All About Exfoliation: Smoothing Out Your Skin
Ever wonder how your skin doesn’t just die from being in contact with so much stuff out there? The truth is that skin cells are constantly dying at the surface, with or without any help from the grime and dust it comes into contact with. There’s not much to be done about this, but proper cleansing and a little exfoliation can help you revitalize your dull complexion.
Human skin cells are constantly dying, and being replaced by newer cells. The visible skin starts its life cycle deeper in the skin, and moves upwards towards the surface. The cells die as they rise, forming a hard barrier, which serve to protect us so this is not an accident but by design. As new skin rises to the surface, the old skin sloughs off at a rate of about a million skin cells per day. This process is called the skin cycle, and takes between 14 and 28 days. With age, the skin cycle slows, resulting in more dead skin adhering to the surface as the new cells take longer to form. Add some extra grime, sweat, and skin oil, and your skin complexion can really start to suffer.
What are the benefits of exfoliation?
Exfoliation is a simple but effective way to rejuvenate the skin, and has been used since the ancient times. The idea is simple: Help remove the older dead skin off the surface quicker and encourage the new cells to take its place. By doing this, the visible layer of the skin reveals the younger fresher skin that was previously covered by the older dead skin. Exfoliation is one of the simplest ways to help rejuvenate your skin if done correctly.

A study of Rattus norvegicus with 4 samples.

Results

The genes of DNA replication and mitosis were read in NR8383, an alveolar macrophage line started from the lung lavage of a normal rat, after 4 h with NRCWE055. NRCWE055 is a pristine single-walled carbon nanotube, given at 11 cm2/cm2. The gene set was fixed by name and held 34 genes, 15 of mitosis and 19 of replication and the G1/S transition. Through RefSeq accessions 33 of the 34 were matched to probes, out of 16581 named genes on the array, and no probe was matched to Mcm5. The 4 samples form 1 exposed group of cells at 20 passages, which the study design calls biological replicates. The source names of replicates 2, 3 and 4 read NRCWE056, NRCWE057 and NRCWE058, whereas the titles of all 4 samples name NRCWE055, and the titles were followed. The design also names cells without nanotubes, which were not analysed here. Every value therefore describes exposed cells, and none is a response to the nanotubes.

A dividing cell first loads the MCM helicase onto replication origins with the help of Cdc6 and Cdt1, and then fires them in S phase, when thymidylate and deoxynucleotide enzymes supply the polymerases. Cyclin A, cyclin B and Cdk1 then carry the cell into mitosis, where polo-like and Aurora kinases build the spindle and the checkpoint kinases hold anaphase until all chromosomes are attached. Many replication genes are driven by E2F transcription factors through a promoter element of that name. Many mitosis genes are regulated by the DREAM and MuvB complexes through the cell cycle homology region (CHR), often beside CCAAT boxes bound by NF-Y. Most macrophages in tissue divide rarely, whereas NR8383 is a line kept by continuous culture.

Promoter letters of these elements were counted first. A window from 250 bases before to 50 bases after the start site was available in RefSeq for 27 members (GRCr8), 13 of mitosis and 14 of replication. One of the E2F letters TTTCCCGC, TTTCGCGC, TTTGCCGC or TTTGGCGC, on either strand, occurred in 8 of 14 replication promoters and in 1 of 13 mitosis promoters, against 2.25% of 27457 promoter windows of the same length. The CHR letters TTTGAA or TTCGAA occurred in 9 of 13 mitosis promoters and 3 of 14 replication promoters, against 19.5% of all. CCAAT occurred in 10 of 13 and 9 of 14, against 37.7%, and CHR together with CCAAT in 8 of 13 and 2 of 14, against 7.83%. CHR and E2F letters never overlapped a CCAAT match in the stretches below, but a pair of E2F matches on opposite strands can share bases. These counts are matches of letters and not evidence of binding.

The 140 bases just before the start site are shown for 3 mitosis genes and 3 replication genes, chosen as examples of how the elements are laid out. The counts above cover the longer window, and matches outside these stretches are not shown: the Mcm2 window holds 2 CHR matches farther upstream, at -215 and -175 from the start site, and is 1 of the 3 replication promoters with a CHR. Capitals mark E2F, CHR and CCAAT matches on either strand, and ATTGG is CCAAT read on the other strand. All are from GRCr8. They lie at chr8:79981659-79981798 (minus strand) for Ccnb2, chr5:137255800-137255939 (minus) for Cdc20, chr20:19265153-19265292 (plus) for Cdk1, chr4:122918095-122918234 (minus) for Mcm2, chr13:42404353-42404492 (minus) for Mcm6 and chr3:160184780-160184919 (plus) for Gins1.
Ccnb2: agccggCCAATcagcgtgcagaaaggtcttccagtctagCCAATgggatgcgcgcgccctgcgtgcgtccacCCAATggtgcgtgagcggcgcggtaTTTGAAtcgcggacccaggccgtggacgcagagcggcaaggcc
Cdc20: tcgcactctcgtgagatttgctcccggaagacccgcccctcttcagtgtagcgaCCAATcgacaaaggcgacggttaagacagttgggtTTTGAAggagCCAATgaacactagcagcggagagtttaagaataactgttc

What are the visible effects?
- A more even skin tone
- Remove pore-clogging dirt
- Reduction of acne formation
- Fresher feel and smoother skin
How do you exfoliate?
One of the simplest ways to exfoliate is to scrub the skin mechanically or gently scrub the skin using an appropriate instrument. Scrubs, loofahs, and specialized gloves can be used to exfoliate. Remember to be extra gentle when exfoliating the face and other sensitive areas with thinner skin.
The other approach is to use exfoliating soap. Many of these contain natural exfoliants like sugar, salt, oatmeal, seeds, or other synthetic material that help abrade the skin and remove excess skin. Use warm water to dampen the skin, but try to avoid hot water as it can damage and dry out the skin. The exfoliant should be rubbed in a circular motion gently on the skin to help get deeper into the skin. After exfoliating, it helps to apply a moisturizer on the skin to help protect it from irritation and dryness.
Lastly, there is chemical exfoliation. One of the most popular ingredients is the alpha-hydroxy acids such as glycolic acid and lactic acid. Salicylic acid is another popular ingredient. These peels slough off the surface layer of the skin chemically instead of through physical abrasion, and have similar effects of smoothing out the surface skin. With all forms of exfoliation, it’s important not to overdo it, as it can damage your skin if you exfoliate too vigorously, or too often.
What about procedures like microdermabrasion or chemical peels that are done at an office?
Many dermatologist offices offer professional chemical peels or services like microdermabrasion. They use the same principles of exfoliation, and have similar treatment goals: To smooth out and improve the quality and appearance of the visible skin. The chemical peels that are used are stronger than those that are available over the counter, and generally have a higher concentration of the active ingredients.